Helpful Tools, Helpful Suggestions

Bob Martin
September 18, 2013

Let me ask you a question.  As a hearing health care professional, when you send a new CIC (completely-in-the-canal) hearing aid to the factory for repair, do you check it when it comes back? And if you find that it’s ‘dead’, what do you do?  Be careful how you answer; you may be surprised.

This happened to me twice recently. The first time, the ‘test’ battery was dead and the next two new batteries we took out of the battery package were defective as well. The hearing aid was okay. We were just dealing with some bad batteries.

The second time it happened, the hearing aid automatic-turn-on function had been set to 18 seconds. I never use a long “delayed turn-on function,” so I was not expecting this. The apparently ‘dead’ hearing aid started working (actually it went into feedback) when we put it into the box to send it back. We spent some more time checking the instrument and found the change in the programming code. So, as these two incidents reminded me, problems are not always what they seem.

One lesson that the first ‘dead’ hearing aid pointed out,  is that we all need to have an old fashioned battery tester. A battery tester saves us time, energy, and can even save our sanity! Don’t automatically trust new batteries. You occasionally run into a defective one.



On a related topic, how do you teach patients to check the battery in their hearing aids? A lot of patients will put in a new battery.  If the aid doesn’t work, they try another new battery; the aid is still dead, so they try another battery, thinking all these batteries must be defective.

There is a better way! Most people wear two hearing aids. If one of them is ‘dead’, the patient should be taught to take the ‘good’ battery out of the functioning hearing aid and use it as a test battery in the ‘dead’ aid. If the ‘dead’ aid starts working, the patient has a battery problem—not a dead hearing aid. But if the aid does not start working, the patient has a hearing aid problem. The patient should put the ‘good’ battery back in the ‘good ‘hearing aid and bring the ‘bad’  hearing aid to you for help.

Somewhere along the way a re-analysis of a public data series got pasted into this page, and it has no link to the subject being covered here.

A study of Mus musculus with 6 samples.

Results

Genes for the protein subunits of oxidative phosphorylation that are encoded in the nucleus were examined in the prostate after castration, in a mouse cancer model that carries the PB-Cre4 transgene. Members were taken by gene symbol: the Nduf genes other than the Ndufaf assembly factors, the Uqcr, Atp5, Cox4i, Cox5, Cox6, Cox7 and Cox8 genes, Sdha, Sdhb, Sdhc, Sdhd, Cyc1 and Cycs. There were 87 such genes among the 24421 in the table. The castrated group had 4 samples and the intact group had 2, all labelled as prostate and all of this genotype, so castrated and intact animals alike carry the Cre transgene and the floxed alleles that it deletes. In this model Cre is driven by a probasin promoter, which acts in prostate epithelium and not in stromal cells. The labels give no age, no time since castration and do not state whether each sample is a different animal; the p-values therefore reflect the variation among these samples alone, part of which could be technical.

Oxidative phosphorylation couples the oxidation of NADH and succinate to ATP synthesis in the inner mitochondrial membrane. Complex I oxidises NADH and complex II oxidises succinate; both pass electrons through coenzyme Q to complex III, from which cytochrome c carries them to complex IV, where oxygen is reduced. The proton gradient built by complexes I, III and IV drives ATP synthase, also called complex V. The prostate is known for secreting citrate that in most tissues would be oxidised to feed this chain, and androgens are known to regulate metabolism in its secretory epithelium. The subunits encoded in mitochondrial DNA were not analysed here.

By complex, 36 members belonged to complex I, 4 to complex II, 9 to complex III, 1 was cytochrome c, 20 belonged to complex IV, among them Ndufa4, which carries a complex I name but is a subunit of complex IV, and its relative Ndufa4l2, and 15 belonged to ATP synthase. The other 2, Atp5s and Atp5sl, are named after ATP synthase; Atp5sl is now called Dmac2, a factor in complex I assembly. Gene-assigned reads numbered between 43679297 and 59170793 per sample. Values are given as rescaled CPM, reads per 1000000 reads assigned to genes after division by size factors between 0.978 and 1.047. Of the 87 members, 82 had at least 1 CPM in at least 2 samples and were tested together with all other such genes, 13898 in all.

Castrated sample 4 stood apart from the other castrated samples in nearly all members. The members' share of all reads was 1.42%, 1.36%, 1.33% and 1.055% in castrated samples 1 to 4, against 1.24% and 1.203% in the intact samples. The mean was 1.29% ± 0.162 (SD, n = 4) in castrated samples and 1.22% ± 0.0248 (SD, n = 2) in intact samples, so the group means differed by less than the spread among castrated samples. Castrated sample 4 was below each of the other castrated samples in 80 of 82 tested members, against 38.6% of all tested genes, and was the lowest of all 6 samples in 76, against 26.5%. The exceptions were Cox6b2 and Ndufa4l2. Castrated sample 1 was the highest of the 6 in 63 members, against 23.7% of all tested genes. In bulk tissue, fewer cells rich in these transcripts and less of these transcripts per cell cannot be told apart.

One of the most useful tools I own is a Welch Allyn fiber-optic otoscope. I’ve probably purchased 20 of them over the years.

The otoscope is designed for looking into the human ear, and it does that task well. However, as hearing aids have become smaller and smaller, and my eyes weaker and weaker, I find myself using the otoscope for another purpose –  to look into the domes of RIC hearing aids to see if the super-tiny openings are closed or open.

Also, patients often come back to the office with a hearing aid that is dead because the sound bore is plugged up. Sometimes they don’t believe that because their ear is clean or they recently had the hearing aid repaired.

In these cases I teach the patient, and the family member with the patient, how to use an otoscope. I then have them look into the sound bore and see the impacted wax. The old saying, ‘seeing is believing’ certainly applies in this situation.

  1. We use a video otoscope and get the image of the wax blockage up on the screen. It makes it easier for everyone to see.